What happens after the FedRAMP deadline?
- By Frank Konkel
- Jan 24, 2014
Cloud service providers are supposed to meet the government's baseline cloud security standards by June 5. But it's not entirely clear what will happen if they don't.
CSPs that fail to achieve Federal Risk and Authorization Management Program (FedRAMP) compliance by that date face the uncomfortable possibility of getting the agency or department they contract with in trouble with oversight bodies, according to a spokesperson for the Office of Management and Budget, which will play an oversight role in ensuring FedRAMP compliance.
However, it's not as if the cloud services will be halted on the spot.
"OMB will work with agencies through normal oversight processes and channels to measure and analyze agency efforts with regards to this provision," the spokesperson said.
That means attention from inspectors general and potentially the Government Accountability Office, which already has a busy year ahead in federal IT. Such reports are likely to be critical not only of the CSPs but also of the agencies themselves, particularly CIOs.
"We expect an onslaught of companies approaching us to leverage us for FedRAMP compliance, and no CIO wants to be in those oversight reports," one source from a FedRAMP-compliant CSP told FCW. "Some companies are going to hope the deadline gets pushed back, but they're going to have to spend money to protect their revenue."
However, because achieving compliance requires a significant investment in time and money, the source said some companies may opt to take a wait-and-see approach. If the repercussions aren't there after the deadline, some might gamble and continue to delay.
Thus far, 10 companies have earned FedRAMP compliance for 13 solutions through either an agency authority to operate or approval from the FedRAMP Joint Authorization Board. Another group of CSPs are somewhere in what is typically a four-to-six month long FedRAMP pipeline.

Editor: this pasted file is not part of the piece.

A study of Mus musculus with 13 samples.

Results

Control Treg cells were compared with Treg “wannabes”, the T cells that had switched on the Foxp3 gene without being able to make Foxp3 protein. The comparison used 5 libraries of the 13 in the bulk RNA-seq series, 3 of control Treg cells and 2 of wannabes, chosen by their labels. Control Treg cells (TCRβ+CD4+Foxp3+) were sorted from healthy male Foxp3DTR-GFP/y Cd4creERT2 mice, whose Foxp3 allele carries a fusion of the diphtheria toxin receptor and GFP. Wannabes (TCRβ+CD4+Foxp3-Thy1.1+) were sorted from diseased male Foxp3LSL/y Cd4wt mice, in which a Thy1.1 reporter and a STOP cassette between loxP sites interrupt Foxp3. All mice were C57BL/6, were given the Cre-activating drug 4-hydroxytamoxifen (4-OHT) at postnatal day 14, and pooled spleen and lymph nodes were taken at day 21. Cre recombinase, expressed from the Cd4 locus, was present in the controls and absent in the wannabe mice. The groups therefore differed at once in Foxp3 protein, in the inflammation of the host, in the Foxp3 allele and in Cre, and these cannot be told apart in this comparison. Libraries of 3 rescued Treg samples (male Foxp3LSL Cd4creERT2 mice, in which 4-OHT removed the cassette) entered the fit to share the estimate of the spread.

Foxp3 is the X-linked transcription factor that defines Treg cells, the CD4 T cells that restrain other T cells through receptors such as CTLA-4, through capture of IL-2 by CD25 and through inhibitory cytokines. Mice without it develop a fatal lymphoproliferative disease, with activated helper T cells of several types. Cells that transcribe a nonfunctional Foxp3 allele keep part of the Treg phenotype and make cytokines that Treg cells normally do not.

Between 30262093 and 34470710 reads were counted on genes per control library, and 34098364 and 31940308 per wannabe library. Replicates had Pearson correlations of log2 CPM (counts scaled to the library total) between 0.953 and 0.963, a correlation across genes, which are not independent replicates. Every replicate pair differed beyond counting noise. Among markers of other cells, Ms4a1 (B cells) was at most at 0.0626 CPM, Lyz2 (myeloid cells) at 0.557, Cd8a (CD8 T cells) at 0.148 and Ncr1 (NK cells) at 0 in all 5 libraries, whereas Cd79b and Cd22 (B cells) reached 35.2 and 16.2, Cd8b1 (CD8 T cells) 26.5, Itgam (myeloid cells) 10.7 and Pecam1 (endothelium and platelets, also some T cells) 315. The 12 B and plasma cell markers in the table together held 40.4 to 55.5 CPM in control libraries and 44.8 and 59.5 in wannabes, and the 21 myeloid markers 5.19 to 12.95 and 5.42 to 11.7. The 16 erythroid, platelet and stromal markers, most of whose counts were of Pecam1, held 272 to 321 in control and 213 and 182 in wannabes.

The FedRAMP policy memorandum states, "[a]ll currently implemented cloud services or those services currently in the acquisition process" must meet the FedRAMP security authorization requirements, which currently consist of 298 security controls based on National Institute of Standards and Technology guidelines.
The OMB spokesperson said those standards are not set in stone and will continue to "evolve and be updated over time," much like cloud technology itself.
In fact, the FedRAMP policy memo directs the FedRAMP Joint Authorization Board to "define and regularly update the FedRAMP security authorization requirements in accordance with the Federal Information Security Management Act of 2002 (FISMA) and DHS guidance."
In summer 2013, the JAB began undertaking the update process to FedRAMP's security controls based on NIST's Special Publication 800-53 Revision 4, Security and privacy Controls for Federal Information Systems and Organizations.
The updated standards are on pace to be completed before fiscal 2014 ends.
"This is a reflection that cybersecurity is a dynamic, rather than static, field," the OMB spokesperson said. "Additionally, as the cloud computing industry matures and the government's adoption of cloud computing increases, FedRAMP will gain additional knowledge and lessons learned which will inform the FedRAMP Security Controls baseline."